In a flashy press conference this afternoon held in a tent on One Drexel Plaza, Drexel University announced its 20-year plan for Schuylkill Yards, a $3.5 billion and 14-acre project that will aim to transform West Philadelphia into a leading innovation hub of the region.
Drexel president John Fry announced that Brandywine Realty Trust will be the developer of the master plan. The development company has long had a stake in University City as the developers of the Cira Center, the EVO building, and the up-and-coming FMC Tower.
Fry described Schuylkill Yards as a "new neighborhood based on innovation" with "world-class, open space in the tradition of the public square of Philadelphia."
The master design reveals multiple public spaces, each with their own distinct characteristics. A 1.3-acre plot—currently a parking lot at One Drexel Plaza—will become an elliptical lawn and the center of activity at Schuylkill Yards. NY-based SHOP Architects and West 8 landscape architecture firm have designed the master sites.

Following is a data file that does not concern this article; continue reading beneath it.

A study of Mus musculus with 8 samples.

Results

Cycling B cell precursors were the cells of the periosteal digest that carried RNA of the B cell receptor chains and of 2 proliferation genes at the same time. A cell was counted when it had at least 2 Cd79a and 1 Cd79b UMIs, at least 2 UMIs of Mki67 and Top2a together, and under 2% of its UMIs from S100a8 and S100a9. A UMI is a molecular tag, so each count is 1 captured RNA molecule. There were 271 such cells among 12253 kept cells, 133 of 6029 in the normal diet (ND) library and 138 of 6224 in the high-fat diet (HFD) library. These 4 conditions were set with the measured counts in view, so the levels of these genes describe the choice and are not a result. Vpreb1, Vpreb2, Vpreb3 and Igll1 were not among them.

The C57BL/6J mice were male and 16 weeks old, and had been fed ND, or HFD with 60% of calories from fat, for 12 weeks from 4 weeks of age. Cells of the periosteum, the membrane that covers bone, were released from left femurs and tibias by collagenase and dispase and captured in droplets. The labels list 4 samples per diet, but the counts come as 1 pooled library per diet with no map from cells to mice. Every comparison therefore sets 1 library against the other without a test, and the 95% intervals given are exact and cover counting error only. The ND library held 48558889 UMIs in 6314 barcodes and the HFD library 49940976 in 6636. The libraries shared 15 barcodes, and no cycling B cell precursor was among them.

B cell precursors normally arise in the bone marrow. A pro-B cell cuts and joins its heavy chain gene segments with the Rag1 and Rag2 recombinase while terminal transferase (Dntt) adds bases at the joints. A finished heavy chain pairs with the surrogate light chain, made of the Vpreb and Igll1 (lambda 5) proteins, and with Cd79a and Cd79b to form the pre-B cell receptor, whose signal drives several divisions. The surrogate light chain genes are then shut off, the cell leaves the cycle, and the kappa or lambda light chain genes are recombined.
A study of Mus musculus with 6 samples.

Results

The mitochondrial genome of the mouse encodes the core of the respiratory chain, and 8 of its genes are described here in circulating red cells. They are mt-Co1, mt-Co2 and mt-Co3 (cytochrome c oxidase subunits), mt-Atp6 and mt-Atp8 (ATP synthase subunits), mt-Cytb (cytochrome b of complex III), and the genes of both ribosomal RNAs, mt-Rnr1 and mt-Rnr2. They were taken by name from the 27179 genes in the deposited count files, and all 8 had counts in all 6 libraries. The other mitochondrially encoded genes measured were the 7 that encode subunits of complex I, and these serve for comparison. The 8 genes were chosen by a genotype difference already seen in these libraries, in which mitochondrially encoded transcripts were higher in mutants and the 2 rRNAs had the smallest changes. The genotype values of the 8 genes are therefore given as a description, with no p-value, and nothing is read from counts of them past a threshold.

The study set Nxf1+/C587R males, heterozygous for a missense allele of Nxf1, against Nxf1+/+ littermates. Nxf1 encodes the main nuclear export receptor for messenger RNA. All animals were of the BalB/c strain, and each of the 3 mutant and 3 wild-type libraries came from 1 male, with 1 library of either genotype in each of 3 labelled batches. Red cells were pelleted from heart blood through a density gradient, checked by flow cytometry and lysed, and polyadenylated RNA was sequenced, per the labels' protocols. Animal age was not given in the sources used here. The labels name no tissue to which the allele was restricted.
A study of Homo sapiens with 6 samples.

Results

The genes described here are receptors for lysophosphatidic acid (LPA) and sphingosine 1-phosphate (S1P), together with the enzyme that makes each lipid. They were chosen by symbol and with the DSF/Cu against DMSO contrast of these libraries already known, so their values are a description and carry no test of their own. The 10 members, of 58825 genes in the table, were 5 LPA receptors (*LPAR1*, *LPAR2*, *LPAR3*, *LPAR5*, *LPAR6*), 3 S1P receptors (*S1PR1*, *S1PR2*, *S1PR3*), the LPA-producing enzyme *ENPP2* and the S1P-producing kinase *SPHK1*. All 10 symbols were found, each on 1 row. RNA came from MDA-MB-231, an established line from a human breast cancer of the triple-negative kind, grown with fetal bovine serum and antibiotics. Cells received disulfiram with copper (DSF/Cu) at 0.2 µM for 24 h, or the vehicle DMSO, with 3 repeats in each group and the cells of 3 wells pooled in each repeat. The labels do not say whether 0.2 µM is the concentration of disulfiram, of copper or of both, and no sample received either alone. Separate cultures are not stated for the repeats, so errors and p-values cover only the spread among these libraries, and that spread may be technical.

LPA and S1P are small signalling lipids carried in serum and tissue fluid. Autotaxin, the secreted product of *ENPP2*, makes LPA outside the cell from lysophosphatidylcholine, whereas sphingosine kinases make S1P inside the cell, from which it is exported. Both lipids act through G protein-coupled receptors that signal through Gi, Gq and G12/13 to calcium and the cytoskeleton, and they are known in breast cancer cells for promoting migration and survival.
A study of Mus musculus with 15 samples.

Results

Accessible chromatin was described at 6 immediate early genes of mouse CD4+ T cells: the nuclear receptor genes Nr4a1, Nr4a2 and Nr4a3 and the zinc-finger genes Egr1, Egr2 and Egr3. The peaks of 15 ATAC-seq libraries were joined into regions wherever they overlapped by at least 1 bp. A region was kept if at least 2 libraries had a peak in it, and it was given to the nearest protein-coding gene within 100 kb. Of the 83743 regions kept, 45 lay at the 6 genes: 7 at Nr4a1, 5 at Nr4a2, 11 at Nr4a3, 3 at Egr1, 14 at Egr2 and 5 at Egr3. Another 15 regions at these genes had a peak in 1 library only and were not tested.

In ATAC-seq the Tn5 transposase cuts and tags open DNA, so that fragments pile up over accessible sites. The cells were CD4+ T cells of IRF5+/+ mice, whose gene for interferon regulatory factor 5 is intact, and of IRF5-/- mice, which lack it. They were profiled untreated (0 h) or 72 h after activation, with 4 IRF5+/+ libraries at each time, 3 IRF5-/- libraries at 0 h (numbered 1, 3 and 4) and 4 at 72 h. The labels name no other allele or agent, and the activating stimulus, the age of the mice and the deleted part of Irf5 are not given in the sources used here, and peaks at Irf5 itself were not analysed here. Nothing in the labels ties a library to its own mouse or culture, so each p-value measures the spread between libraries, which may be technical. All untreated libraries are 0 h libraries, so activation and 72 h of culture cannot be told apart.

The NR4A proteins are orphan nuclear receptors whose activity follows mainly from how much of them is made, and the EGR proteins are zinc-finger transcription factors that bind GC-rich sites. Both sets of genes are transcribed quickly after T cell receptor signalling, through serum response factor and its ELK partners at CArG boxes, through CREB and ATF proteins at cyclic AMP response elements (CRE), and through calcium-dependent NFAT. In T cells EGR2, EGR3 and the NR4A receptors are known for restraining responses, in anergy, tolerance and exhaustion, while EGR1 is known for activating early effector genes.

Eight new high-rise sites will also be part of Schuylkill Yards, a mix of a laboratories, hotels, retails, residential units, and offices. NY-based Gotham Organization, Inc. will lead the residential development, and Longfellow Real Estate Partners will take on the Life Sciences component.
In addition, the historic Bulletin Building, designed by architect George Howe, will undergo exterior renovations that will include a dynamic front screen along the east facade facing the elliptical green space.
Brandywine Realty Trust president Jerry Sweeney said, "This is not a corporate campus. It's a fully-engaged ecosystem."
Though the Schuylkill Yards timeline involves a 20-year buildout, it is expected to begin construction as soon as possible—starting with Drexel Park, a 1.3-acre park at 30th and Market Streets later this year.
This is not a corporate campus. It will be a fully-engaged ecosystem.
"We expect to deliver phase 1 several years from now," said Sweeney.
Fry noted that they will be actively partnering with local businesses and unions, as well as maximize hiring of local residents. It's expected to create 10,000 construction jobs and 15,000 employees and residents.
"This is a game changer—not just for Philadelphia," said state Senator Vincent Hughes. "The innovation that happens inside Schuylkill Yards will have an impact internationally."